This August will mark the 20th anniversary of Princess Diana's tragic death in 1997 and, as a result, this year will see several documentaries about the late royal's life. The first, CBS's two-hour special, Princess Diana: Her Life, Her Death, The Truth, aired Monday night and dug deep into, well her life, her death, and the ominous truth about both.
The documentary, anchored by Gayle King, touched on Diana's early life (King even recorded segments of the special in Althorp, Diana's family estate in England), but focused on her time in the spotlight as a member of the royal family and after her very-public divorce from Prince Charles.
The special, which contains several interviews with people close to the late princess, revealed some genuinely shocking tidbits, like the fact that Diana and Charles barely knew each other when they got married—they had only met twelve times before taking the plunge. It also detailed some of Diana's struggles with mental health and how her insecurities about her marriage manifested in the form of disordered eating and self-harm. Diana's own openness about her mental health is what ultimately inspired her sons, William and Harry, to launch their Heads Together campaign, along with William's wife, Kate Middleton.
While the documentary rehashes a lot of information that was already publicly known about Charles and Diana's rocky relationship, like their respective affairs, tell-all interviews, and messy divorce, it also delves into the scope of Diana's impact on both the royal family and the world, which can't be understated. A dedicated philanthropist, Diana championed causes that, according to the sources in CBS' special, the royal family would have preferred she left alone, like the HIV/AIDS epidemic.
For older viewers, the biographical portion of the special likely feels like a review of the headlines they were all-too-familiar with in the '80s and '90s, but for younger members of the audience, it's a comprehensive overview of Diana's life and death. I, for example, was only nine years old when she passed away and, although I remember distinctly the impact her death had on the world, I didn't fully understand it at the time. In that way, the documentary serves to educate a new generation about the life of an inarguably important figure (if that generation is tuning into CBS, that is).
The documentary delivers on each point promised in its title. "Her Life" and "Her Death" are mostly covered in biographical terms, drawing from official reports, archival interviews with Diana and other people close to the royal family, and new interviews with some of Diana's confidants. That leaves "The Truth," which digs into the intricate web of conspiracy theories that surrounded her death.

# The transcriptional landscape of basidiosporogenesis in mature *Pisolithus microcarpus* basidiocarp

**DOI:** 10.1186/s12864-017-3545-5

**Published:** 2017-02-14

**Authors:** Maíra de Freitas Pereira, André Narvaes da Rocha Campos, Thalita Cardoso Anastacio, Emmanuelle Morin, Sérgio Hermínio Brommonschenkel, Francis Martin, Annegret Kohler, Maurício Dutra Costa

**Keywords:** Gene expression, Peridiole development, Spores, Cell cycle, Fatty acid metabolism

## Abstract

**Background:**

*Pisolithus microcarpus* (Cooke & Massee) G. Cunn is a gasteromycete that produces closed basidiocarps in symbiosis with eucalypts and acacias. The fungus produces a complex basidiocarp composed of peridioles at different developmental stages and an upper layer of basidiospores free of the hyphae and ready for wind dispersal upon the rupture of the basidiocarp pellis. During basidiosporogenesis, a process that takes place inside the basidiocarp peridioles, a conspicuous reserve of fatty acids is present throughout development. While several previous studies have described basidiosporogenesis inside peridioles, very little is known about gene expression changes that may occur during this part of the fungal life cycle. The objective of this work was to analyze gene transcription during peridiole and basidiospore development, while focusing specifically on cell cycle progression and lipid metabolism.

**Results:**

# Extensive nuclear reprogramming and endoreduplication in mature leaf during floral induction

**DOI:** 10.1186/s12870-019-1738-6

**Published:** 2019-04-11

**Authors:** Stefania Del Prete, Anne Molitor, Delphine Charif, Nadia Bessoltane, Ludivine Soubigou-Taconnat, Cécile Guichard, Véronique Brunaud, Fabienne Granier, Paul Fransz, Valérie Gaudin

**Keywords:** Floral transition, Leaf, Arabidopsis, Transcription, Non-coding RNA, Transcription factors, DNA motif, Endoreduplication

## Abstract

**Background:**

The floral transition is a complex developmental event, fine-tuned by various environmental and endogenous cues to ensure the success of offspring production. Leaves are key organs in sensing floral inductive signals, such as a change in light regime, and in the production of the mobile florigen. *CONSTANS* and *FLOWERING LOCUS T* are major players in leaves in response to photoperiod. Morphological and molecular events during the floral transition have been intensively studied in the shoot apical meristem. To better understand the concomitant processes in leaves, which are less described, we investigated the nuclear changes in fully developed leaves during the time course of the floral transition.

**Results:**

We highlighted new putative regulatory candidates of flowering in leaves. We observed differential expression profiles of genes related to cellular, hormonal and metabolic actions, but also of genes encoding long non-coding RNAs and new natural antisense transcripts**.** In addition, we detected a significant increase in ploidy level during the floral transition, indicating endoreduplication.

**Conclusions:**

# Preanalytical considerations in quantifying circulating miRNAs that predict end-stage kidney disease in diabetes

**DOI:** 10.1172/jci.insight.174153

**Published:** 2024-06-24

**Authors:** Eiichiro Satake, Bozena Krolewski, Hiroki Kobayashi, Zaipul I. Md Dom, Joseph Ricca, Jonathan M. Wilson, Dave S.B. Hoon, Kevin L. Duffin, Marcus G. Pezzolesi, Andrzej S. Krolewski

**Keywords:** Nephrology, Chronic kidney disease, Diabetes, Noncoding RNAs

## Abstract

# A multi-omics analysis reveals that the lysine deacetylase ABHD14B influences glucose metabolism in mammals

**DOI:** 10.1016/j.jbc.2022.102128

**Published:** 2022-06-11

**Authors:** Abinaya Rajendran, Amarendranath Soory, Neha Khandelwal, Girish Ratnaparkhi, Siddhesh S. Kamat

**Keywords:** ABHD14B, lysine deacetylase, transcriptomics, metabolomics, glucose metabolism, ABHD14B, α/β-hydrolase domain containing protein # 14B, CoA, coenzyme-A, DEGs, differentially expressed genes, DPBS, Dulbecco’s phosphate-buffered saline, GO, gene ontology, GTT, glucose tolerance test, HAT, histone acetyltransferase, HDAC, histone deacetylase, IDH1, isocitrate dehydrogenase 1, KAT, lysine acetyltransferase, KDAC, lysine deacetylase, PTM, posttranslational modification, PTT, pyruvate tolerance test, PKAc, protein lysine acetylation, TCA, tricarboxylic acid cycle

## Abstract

The basis circumstances of Diana's death are well-known. She died in a car accident in the Pont de I'Alma road tunnel in Paris on August 31, 1997. She was on holiday with her boyfriend, businessman Dodi Al Fayed, and being followed by paparazzi at the time of her death. After the tragedy, several people, most notably Al Fayed's father, Egyptian billionaire Mohamed Al-Fayed, speculated that the accident was the heart of a conspiracy to kill Diana. Theories included speculation that the royal family was behind the crash and an ongoing mystery centered on a white Fiat that was allegedly involved in the fatal accident.
After the accident, four independent investigations were launched from two different countries and the documentary, produced by the 48 Hours team, goes through their findings (although not in-depth, on camera, as the conspiracy theory segment makes up just a portion of the two-hour piece). While the special ultimately concludes that (spoiler alert) Diana's death was a tragic accident and not the result of foul play, it does offer some verifiable insights into that night, like the fact that the driver of the car was under the influence, with a blood alcohol level at three times the French limit at the time of the accident.
As impactful as Diana's life was, her death was, in many ways, even more so. Rightly, the documentary also dedicates some time to the most important aspect of her legacy: her sons, and how they are continuing the kind of charitable work she was so committed to during her life.
Kayleigh Roberts is a freelance writer and editor with more than 10 years of professional experience. Her byline has appeared in Marie Claire, Cosmopolitan, ELLE, Harper’s Bazaar, The Atlantic, Allure, Entertainment Weekly, MTV, Bustle, Refinery29, Girls’ Life Magazine, Just Jared, and Tiger Beat, among other publications. She's a graduate of the Medill School of Journalism at Northwestern University.